Gold credit cards, platinum credit cards, diamond credit cards, the list goes on and on. Have you ever wondered why credit card companies use metals from the periodic table of elements to describe their cards? Are they chemists, or bankers? Let’s take a look at the connection between credit and metal and then be sure to check out our slick tool to compare credit cards from all across the periodic table of elements!
Actual Cost: $1,200/ounce
Annual Fee: $125/year
When credit card marketers want to make you feel classy, this is the standard — the gold standard. There’s nothing like pulling out a shiny card that looks like it was cut straight from Fort Knox. That’s the way rich people charge: Put it on the ol’ gold card!
Probably the most famous gold card is from American Express, but there are others that offer gold cards as well. The great thing about gold cards is that you usually get more perks for your annual fee than other metals.
Strangely enough, gold is actually the most malleable metal there is, which means you can beat it into a pulp if you wish. That’s probably why so many people max out their gold card – it’s flexible!
Actual Cost: $1,539/ounce
Annual Fee: $175/year
When they decided a gold card wasn’t enough, credit card marketers had to turn to an even more precious metal: Platinum. Setting the standard even higher than gold, platinum cards generally offer customers plush concierge benefits, and a pretty cool-looking card.
The periodic element Platinum is actually made up of a group of metals. They include ruthenium, rhodium, palladium, osmium, and iridium in addition to platinum; they are known as a silvery white metal which makes them perfect for credit cards. Be on the lookout for the Visa Iridium; it can’t be far behind.
Annual Fee: FREE
Still rare in the credit card marketing world, the Diamond is a gem highly prized by brides and gangsta rappers. Visa offers a prepaid card known as the Black Diamond RushCard, whereby you can load up the card from your payroll or other source of income. Essentially a debit card, we think the marketing execs at Visa were a little confused when they named this one.
They did name it a Black Diamond, and since diamonds are actually made out of compressed carbon, maybe that’s what they really meant. You’ve got to admit, the “Visa Carbon” just doesn’t have the same ring to it.
Actual Cost: $.06/ounce
Annual Fee: $25/year
Seeing as how American Express enjoys using metals to market their cards, Zinc would be an obvious choice. But since they are aiming this card toward illiterate teenagers, they misspelled the name of the Amex Zync. R they crzy?
The Zync is a card that you pay in full each month, with only a $25 annual fee—perfect for a new credit card user. And Zinc (the metal) is known to be useful for plating, where thin layers are put onto iron or steel in a process called galvanizing, which protects from corrosion. So, if you are planning on getting a Zync card from American Express, make sure you let them know that you’re only signing up for this card because it’s not going to rust.
Hey, Credit Card Marketers – We’ve Got Some Ideas
Look, if you’re going to use element names for your credit cards, why not be a bit more creative? There are 109 periodic elements, you know! One hundred and nine. You’re not nearly maximizing your potential here. We’ve put together a short list of future credit cards that we imagine will soon be coming to a wallet near you.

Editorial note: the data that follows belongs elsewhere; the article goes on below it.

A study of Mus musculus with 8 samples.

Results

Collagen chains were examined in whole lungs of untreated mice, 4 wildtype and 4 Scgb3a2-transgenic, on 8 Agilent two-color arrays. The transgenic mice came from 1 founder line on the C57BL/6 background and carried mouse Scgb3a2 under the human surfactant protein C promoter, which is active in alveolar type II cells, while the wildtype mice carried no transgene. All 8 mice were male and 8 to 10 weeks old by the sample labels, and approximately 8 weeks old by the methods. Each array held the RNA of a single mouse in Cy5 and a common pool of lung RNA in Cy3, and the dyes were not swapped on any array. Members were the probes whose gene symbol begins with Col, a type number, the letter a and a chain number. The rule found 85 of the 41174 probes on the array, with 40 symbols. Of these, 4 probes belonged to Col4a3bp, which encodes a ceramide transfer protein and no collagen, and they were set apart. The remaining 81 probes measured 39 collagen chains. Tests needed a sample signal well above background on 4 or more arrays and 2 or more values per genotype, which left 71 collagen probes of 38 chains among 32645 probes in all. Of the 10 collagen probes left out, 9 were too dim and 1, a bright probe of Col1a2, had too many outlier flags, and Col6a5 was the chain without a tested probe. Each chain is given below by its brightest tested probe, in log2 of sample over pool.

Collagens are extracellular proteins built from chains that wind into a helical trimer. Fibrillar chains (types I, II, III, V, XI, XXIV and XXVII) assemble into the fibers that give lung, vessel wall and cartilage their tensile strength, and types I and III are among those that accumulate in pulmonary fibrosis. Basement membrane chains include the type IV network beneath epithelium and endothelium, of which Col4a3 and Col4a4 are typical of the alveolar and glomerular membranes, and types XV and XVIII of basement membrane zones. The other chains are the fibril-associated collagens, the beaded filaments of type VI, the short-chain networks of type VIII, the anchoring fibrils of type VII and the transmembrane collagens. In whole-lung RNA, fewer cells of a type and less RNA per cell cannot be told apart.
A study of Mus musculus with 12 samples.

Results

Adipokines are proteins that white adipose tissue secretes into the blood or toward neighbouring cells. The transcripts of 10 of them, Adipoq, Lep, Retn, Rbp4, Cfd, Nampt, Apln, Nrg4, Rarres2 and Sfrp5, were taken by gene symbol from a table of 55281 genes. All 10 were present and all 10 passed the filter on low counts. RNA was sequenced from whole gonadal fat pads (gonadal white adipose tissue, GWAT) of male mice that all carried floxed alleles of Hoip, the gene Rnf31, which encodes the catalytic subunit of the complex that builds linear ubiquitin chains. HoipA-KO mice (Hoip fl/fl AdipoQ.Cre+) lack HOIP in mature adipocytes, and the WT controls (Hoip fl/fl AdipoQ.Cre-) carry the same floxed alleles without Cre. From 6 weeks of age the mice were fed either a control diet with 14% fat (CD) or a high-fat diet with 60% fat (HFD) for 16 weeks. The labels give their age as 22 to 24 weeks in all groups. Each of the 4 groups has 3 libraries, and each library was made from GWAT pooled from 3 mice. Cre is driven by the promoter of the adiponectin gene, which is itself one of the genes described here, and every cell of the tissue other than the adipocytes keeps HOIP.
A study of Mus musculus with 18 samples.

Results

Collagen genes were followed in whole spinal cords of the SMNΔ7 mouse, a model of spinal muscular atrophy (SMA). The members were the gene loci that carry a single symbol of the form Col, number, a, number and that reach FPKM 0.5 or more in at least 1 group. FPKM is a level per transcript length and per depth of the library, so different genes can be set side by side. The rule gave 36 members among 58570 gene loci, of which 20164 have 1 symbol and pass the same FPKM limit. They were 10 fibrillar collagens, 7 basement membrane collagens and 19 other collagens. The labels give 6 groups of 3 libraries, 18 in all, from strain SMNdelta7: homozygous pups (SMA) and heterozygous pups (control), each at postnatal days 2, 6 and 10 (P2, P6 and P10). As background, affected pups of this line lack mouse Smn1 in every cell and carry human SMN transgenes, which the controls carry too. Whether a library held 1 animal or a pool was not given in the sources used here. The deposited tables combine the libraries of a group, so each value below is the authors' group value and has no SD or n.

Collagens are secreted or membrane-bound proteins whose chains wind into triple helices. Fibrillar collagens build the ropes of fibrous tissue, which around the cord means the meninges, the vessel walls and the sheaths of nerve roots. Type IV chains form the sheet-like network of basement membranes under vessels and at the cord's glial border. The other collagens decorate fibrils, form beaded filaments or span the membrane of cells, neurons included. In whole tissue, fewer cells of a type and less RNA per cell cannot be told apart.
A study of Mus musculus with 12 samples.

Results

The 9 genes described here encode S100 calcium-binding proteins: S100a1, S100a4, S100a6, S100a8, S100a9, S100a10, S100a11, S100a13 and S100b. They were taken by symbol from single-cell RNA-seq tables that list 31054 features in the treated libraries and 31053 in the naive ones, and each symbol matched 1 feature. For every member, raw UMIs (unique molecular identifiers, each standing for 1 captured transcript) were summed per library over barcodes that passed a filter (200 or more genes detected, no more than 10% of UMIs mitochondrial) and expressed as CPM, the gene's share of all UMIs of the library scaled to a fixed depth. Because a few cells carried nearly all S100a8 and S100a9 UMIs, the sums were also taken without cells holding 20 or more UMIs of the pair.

Annual Fee: $5,000/year
Who doesn’t like a little Boron? This is known as a borderline metal non-metal. We think it’s borderline awesome. Although the price of a boron cleaner like Borax is very cheap, the price of pure boron is ridiculously expensive, letting the credit card marketers charge an outrageous annual fee. The perk is, it would come with its own live-in housekeeper. What’s more of a non boring credit card than a boron credit card?
Annual Fee: $100,000/year
Who doesn’t want their own Krypton Kard? Krypton is a cheap, colorless, odorless gas that is present in our air at one part per million, but nobody knows that. Everyone thinks if you come from the planet Krypton, you have superpowers. Such as the power to spend massive amounts of dough on your card, which is pretty powerful. Who wouldn’t want to be able to show off their super spending powers with a superpowered Krypton credit card?
Annual Fee: $1,000,000,000/year
Scientists working in nuclear reactors have produced just one atom of this exceedingly rare element in the spring of 2002, and two more atoms in the spring of 2005. At that rate, this element is priceless — and not the MasterCard kind of priceless, but actually priceless. This card should reflect that, with an annual fee of one billion dollars, which earns you command of a small country each year.
Ununoctium is the new black (credit card). Who would ever be impressed by a Black Card again once they have seen someone slap down an “Unobtainable” Ununoctium credit card to pay for a meal?
Don’t Hold Your Breath for These Future Credit Cards
If you are planning on waiting for a Krypton credit card offer to come down the pike before you apply for a credit card then you may be waiting quite a while. Read through our credit card reviews and then check out our free tool to compare credit cards that are available NOW!